Benchmarks For Infants and Toddlers
Research indicates that gross motor skills are a major predictor of a child’s school readiness. In essence they reflect “brain skills,” yet many parents and caregivers overlook their importance.
When infants and toddlers move their arms, legs, and other large body parts with large muscle groups, they are developing their gross motor skills. However, studies suggest that as children develop crawling, walking, running, and jumping, they are also developing their cognitive abilities.
How? Researchers believe it’s because many of the brain regions employed in motor skills development are also common to cognitive and perceptual skills. In effect, when infants and toddlers begin to work their large muscles, they are also exercising the neural networks needed for cognition and perception.
The correlation between the development of gross motor skills and cognition is born out by studies showing that preschoolers with poor motor skill development tend to struggle when they enter grade school.
Helping your child develop motor skills
Parents and caregivers can help children develop gross motor skills by making sure the infants and toddlers in their care are active every day in age-appropriate ways.
Tummy time provides an important early start for infants, and there are many ways that parents and caregivers can support it.
Physical activity in the early years doesn’t need to be complicated, but it needs to happen. After all, children are born with the potential to move but not the skills. To develop their skills and capacities, parents and caregivers need to create and support daily movement opportunities for the infants and toddlers in their care.
Here is a quick checklist of some of the fundamental movement skills that your infant and toddler should be developing according to Jim. Remember however that everyone develops at their own pace and speed. This is simply a guideline to follow.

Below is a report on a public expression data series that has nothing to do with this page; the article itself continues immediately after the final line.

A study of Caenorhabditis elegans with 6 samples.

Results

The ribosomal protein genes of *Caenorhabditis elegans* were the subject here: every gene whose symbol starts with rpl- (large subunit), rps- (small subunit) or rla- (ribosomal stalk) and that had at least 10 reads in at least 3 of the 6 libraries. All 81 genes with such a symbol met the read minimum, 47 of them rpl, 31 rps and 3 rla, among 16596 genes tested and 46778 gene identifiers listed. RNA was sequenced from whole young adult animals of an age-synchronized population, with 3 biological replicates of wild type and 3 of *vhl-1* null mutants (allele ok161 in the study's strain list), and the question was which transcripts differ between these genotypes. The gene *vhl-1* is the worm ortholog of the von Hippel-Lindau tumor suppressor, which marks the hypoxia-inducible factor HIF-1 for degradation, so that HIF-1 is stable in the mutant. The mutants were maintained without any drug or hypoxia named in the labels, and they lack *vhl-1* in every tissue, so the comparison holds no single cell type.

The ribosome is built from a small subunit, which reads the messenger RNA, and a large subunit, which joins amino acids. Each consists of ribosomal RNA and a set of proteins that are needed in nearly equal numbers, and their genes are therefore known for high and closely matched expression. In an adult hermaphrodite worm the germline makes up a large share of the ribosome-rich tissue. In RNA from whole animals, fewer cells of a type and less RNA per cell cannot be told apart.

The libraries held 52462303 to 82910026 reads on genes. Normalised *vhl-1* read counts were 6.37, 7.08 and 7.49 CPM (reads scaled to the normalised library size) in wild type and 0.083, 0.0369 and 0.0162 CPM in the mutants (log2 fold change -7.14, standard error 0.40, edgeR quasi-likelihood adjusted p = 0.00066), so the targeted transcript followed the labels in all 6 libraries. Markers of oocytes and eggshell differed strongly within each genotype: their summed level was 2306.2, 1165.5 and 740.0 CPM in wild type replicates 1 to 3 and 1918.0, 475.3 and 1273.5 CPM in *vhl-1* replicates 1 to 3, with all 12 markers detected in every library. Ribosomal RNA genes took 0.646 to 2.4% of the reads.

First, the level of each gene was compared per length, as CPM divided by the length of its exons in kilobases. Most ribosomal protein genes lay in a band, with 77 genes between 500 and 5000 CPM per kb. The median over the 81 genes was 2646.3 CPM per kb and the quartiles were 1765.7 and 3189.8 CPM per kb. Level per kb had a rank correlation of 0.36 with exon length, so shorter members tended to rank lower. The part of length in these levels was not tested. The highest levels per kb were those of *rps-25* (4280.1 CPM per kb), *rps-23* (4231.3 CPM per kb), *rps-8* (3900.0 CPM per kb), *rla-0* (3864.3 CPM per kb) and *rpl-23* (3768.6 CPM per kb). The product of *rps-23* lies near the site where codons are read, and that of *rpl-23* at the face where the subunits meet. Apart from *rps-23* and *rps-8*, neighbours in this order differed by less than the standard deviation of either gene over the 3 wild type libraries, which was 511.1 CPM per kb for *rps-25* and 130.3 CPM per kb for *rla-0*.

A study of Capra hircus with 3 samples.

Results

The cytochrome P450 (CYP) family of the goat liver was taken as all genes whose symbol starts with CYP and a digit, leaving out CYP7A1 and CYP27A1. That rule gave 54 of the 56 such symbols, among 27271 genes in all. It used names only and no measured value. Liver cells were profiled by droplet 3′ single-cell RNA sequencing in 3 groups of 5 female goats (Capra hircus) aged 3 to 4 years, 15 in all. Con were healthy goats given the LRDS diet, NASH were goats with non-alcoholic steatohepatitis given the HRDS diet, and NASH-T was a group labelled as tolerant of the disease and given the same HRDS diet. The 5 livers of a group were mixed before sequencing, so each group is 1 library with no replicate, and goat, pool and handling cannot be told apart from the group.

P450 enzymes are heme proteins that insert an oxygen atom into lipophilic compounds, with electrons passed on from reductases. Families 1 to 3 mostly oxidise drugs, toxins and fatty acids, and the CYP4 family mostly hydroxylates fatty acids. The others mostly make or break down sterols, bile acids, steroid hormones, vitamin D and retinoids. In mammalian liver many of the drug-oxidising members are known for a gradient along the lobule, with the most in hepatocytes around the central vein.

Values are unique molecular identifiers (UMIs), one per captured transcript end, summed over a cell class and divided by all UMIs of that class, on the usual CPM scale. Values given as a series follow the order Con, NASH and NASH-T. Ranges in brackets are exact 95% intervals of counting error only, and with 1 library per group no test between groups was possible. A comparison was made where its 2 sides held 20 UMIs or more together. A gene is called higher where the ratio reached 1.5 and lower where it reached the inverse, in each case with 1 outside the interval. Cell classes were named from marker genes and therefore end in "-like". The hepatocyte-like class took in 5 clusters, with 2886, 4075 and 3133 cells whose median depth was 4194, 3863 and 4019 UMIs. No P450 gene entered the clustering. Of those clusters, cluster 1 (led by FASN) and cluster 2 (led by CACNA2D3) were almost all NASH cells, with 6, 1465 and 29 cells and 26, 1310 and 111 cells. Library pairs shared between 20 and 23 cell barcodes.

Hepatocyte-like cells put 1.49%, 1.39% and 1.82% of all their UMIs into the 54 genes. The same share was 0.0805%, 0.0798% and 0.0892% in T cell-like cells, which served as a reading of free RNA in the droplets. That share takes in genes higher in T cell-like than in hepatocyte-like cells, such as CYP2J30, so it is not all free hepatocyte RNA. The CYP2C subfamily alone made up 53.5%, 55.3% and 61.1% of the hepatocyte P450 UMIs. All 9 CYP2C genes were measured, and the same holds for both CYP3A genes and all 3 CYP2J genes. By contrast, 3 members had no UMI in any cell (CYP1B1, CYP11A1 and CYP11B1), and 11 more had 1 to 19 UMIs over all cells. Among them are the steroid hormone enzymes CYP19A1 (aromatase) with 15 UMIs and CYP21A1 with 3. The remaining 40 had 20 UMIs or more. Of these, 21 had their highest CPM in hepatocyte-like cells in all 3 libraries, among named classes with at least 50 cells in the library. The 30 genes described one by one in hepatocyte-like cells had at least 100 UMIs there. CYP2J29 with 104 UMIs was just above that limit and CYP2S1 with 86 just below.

From 0 to 2 years old
Your child is born with a grasping reflex from day one. However, she will actually begin to practice grasping with deliberate intention at around three to four months. The ability to grasp objects is an essential motor skill. It also requires the development of hand-eye coordination, and it needs to be stimulated and supported in infancy.
Tip: Make sure your child always has age-appropriate toys to encourage her to practice grasping.
2. Roll over
Your infant should be able to roll over onto her stomach between four and six months
of age. Rolling over requires the development of basic core strength, and continued practice develops greater strength and coordination to progress to sitting and crawling.
Tip: Give your infant regular tummy time so she becomes familiar with the sensation of being on her stomach.
Infants will generally be able to sit up unassisted at six months. Sitting requires core strength and coordination, which is developed earlier through regular tummy time.
Tip: When your infant starts to sit up on the floor, make sure that there are no sharp or hard obstacles present. Never leave her sitting unattended on beds, sofas, or chairs. If she loses her balance and tumbles, serious injury can result.
Aged Two to Four
By age two, most toddlers will have started running (some will have started as early as 20 months). They are still a bit unsteady on their feet and they often fall down, but they are keen to be fast and mobile.
Tips: Encourage your child in her running by making frequent trips to parks and other places where there are open spaces. When presented with an open field, most toddlers want to run and explore. Play games that promote running such as chasing a soccer ball or take turns chasing each other.
Toddlers will naturally start to throw underhand before their second birthday, and some will even start to throw overhand. Their arms and legs will tend to be straight, and they won’t rotate their upper body very much, but they will improve steadily towards their fourth birthday. And the more they practice throwing, the better they’ll get.
Tip: Help your child to develop her throwing by playing catch with soft foam or fabric balls, or place simple paper targets on the wall for her to throw at. You should use balls that are small enough for your child
to easily grasp.
With a little coaching, you can teach your toddler to catch soft foam or fabric balls. Catching is a natural companion activity
to throwing, and catching activities help her to develop the ability to track the flight of an object in the air.
Tip: Show your child how to form as “basket” with her two arms in front of her stomach Gently toss the ball into her basket from a close distance of one to two metres. As her confidence grows and her fine motor skills improve, she will eventually start to use her hands more than her arms.